Motorola has been downgraded by Standard & Poor's, which said Wednesday that low profits and a weak demand for its products are trends likely to continue. Motorola was also removed from S&P's CreditWatch list.
The financial research company said Motorola's (company
profile) sales growth has been affected by increased competition and weak markets in several of the company's main product lines, especially its semiconductor operations. Motorola MOT also has a large presence in the wireless-communication market, and its sales in that field have been slowed as the company attempts to shift its product line from analog to digital cellular handsets. Overall, Motorola's sales are pinned down by high product development costs, lower sales, and some product-line shortfalls, according to S&P.
However, the company has a broad product line and a substantial technology base, according to S&P, and the report also pointed to the company's cash reserves of $1.8 billion as a sign that the Schaumburg, Ill.-based company is relatively healthy overall. Although S&P gave the company a negative outlook, it also said Motorola is likely to see new product lines and resumed growth in the future.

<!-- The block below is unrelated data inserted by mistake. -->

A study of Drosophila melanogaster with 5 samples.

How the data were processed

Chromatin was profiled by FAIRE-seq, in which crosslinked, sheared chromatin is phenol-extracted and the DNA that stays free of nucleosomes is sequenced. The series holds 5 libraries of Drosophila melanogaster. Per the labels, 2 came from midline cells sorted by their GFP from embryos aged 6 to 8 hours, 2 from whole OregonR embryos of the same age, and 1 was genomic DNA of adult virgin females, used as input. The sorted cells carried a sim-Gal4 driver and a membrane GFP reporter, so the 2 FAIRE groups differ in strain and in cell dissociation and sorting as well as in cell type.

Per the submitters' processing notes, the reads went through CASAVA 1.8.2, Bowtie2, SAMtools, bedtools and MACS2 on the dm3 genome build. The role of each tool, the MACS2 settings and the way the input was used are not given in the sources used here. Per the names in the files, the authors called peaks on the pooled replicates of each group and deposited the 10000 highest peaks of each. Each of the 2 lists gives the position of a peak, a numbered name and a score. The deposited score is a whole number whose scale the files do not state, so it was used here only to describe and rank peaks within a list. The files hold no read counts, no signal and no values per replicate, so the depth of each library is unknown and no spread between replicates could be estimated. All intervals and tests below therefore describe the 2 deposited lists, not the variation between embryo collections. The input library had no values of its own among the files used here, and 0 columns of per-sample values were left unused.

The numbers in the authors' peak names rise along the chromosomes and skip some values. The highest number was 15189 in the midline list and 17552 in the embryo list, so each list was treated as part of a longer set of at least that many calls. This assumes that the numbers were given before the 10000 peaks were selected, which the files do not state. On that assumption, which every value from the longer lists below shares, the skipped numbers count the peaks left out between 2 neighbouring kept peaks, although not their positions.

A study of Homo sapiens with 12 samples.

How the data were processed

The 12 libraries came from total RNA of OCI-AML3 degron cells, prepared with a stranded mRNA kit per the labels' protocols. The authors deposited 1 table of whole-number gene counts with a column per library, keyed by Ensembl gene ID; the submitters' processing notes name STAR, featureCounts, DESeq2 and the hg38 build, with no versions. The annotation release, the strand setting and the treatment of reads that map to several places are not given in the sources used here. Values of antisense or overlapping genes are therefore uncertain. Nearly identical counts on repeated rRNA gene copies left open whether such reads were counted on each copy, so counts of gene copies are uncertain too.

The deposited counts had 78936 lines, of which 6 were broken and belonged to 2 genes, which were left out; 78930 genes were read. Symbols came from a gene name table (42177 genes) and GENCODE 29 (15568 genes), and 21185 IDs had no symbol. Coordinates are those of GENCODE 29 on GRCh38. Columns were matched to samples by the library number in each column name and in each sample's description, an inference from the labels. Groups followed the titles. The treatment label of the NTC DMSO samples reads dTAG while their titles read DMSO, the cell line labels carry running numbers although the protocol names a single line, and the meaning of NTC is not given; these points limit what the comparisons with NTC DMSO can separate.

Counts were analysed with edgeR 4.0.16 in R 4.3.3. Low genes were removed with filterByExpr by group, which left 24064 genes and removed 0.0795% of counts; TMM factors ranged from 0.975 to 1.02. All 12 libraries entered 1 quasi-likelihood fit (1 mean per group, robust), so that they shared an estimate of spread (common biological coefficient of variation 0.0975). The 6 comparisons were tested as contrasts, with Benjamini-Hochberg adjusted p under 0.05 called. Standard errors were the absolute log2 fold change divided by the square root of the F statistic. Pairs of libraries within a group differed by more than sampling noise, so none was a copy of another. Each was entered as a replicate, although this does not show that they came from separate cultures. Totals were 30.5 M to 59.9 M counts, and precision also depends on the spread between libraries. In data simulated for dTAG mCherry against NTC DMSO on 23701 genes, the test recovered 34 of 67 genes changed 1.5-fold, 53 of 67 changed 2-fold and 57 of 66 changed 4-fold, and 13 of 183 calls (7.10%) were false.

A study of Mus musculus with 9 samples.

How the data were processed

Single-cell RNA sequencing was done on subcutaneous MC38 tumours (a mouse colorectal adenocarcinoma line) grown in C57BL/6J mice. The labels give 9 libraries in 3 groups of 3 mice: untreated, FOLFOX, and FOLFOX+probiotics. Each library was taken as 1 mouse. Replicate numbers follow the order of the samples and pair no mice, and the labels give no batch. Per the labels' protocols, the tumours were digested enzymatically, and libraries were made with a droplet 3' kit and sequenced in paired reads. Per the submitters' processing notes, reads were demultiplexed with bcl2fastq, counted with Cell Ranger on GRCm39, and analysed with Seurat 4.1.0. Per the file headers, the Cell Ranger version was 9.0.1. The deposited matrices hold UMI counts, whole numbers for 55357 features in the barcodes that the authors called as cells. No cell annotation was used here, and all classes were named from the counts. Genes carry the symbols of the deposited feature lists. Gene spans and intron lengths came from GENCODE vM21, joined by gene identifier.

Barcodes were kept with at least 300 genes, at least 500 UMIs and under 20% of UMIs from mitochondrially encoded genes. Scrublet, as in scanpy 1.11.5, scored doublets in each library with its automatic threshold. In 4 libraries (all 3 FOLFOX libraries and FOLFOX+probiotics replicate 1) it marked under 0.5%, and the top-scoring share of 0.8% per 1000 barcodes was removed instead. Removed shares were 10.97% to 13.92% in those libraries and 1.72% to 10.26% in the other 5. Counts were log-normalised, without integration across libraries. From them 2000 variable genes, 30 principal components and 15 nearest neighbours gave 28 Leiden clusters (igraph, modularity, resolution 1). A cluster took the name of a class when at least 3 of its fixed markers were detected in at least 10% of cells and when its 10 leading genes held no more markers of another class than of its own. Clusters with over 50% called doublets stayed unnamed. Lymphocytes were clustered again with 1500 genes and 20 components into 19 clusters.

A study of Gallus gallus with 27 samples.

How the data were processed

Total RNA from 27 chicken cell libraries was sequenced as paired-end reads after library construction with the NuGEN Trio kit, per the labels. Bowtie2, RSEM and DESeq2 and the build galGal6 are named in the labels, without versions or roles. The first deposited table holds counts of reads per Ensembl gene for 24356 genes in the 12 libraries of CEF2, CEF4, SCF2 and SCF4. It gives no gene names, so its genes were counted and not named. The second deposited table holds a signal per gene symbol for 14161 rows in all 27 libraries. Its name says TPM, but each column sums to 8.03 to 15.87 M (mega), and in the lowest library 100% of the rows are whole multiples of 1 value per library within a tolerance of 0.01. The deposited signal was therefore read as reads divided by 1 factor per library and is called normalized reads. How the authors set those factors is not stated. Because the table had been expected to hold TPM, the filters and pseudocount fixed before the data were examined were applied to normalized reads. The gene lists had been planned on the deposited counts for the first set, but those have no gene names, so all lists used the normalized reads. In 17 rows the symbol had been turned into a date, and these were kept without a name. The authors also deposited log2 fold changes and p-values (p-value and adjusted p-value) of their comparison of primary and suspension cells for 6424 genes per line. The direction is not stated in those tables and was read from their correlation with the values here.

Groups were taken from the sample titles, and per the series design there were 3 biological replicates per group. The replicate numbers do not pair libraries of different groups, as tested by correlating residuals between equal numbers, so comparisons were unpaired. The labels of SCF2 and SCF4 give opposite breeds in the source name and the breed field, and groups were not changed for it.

S&P said Motorola's profitability of about 15 percent last year was near the bottom of its cyclical low point, comparable to levels several years ago and well below the 17 percent to 19 percent returns seen in 1993 through 1995. The company's bank loan, corporate credit, and senior unsecured ratings were all lowered from AA to AA-, and its subordinated debt rating dropped from AA- to A+. Its commercial-paper rating remained unchanged at A1+. The analysis firm said further declines in profit margins could lead to another downgrade.